India, Russia begin 'new era' of cooperation: PM Modi

Indian Prime Minister Narendra Modi (L) shakes hands with Russian President Vladimir Putin at a plenary session of Eastern Economic Forum at the far-eastern Russian port of Vladivostok on September 5, 2019. Photo/AFP

India and Russia are beginning a new era of cooperation in the Indo-Pacific region to make it "open, free and inclusive", Prime Minister Narendra Modi said on Thursday, amidst China flexing its military muscles in the strategic region.

Addressing the plenary session of the 5th Eastern Economic Forum here, Modi said, "When ships will start plying between Vladivostok and Chennai with the opening of the maritime routes between the two cities, the Russian port city will become the springboard of Northeast Asia market in India. This will further deepen the Indo-Russia partnership."

A Memorandum of Intent was signed on Wednesday between India and Russia for the development of maritime communications between the ports of Chennai and Vladivostok in Russia's Far East Region.

"We are starting a new era of cooperation in the Indo-Pacific region," Modi said, adding that the partnership between India and Russian in the development of the Far East will make it a "confluence of open, free and inclusive Indo-Pacific".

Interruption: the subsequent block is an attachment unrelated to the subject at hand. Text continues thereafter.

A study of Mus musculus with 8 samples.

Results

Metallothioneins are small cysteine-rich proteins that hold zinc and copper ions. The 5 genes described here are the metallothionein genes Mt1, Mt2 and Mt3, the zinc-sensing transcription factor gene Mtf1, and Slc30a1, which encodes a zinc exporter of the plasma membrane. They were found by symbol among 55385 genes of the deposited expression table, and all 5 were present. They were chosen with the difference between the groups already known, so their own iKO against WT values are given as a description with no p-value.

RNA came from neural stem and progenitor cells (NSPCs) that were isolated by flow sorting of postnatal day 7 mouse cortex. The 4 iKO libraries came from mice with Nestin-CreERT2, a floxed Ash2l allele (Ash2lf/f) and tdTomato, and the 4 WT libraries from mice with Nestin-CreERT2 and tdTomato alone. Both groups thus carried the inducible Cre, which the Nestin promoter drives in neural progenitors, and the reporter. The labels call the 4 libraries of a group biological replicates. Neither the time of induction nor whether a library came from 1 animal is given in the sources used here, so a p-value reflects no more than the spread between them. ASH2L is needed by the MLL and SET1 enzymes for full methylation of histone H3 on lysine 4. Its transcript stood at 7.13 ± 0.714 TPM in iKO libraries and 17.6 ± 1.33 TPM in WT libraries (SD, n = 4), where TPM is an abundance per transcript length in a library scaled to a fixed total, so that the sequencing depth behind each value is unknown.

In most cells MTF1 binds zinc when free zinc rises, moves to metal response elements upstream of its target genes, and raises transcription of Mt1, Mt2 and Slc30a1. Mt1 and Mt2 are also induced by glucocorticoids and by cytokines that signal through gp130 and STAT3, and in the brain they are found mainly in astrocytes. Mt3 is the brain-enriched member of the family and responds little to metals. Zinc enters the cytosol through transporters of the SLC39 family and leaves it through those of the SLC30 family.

The Far East, Modi said, will become the bedrock of strong Indo-Russia ties, which is based on the principles of "rules-based order, sovereignty, respect for territorial integrity and is against engaging in the internal matters of other countries".

India, the US and several other world powers have been talking about the need to ensure a free, open and thriving Indo-Pacific in the backdrop of China's rising military maneuvering in the region.

China has been trying to expand its military presence in the Indo-Pacific, a biogeographic region comprising the Indian Ocean and the western and central Pacific Ocean, including the South China Sea.

China claims almost all of the South China Sea. Vietnam, the Philippines, Malaysia, Brunei and Taiwan have counter claims over the sea.

Earlier in the day, Modi met his Japanese counterpart Shinzo Abe on the sidelines of the Eastern Economic Forum. Both countries agreed to further deepen cooperation in the Indo-Pacific region.

In November last year, India, the US, Australia, and Japan had given shape to the long-pending Quadrilateral coalition to develop a new strategy to keep the critical sea routes in the Indo-Pacific free of Chinese influence.

China is engaged in hotly contested territorial disputes in the East China Sea too with Japan. Beijing has built up and militarised many of the islands and reefs it controls in the region.

Both areas are stated to be rich in minerals, oil, and other natural resources. They are also vital to global trade.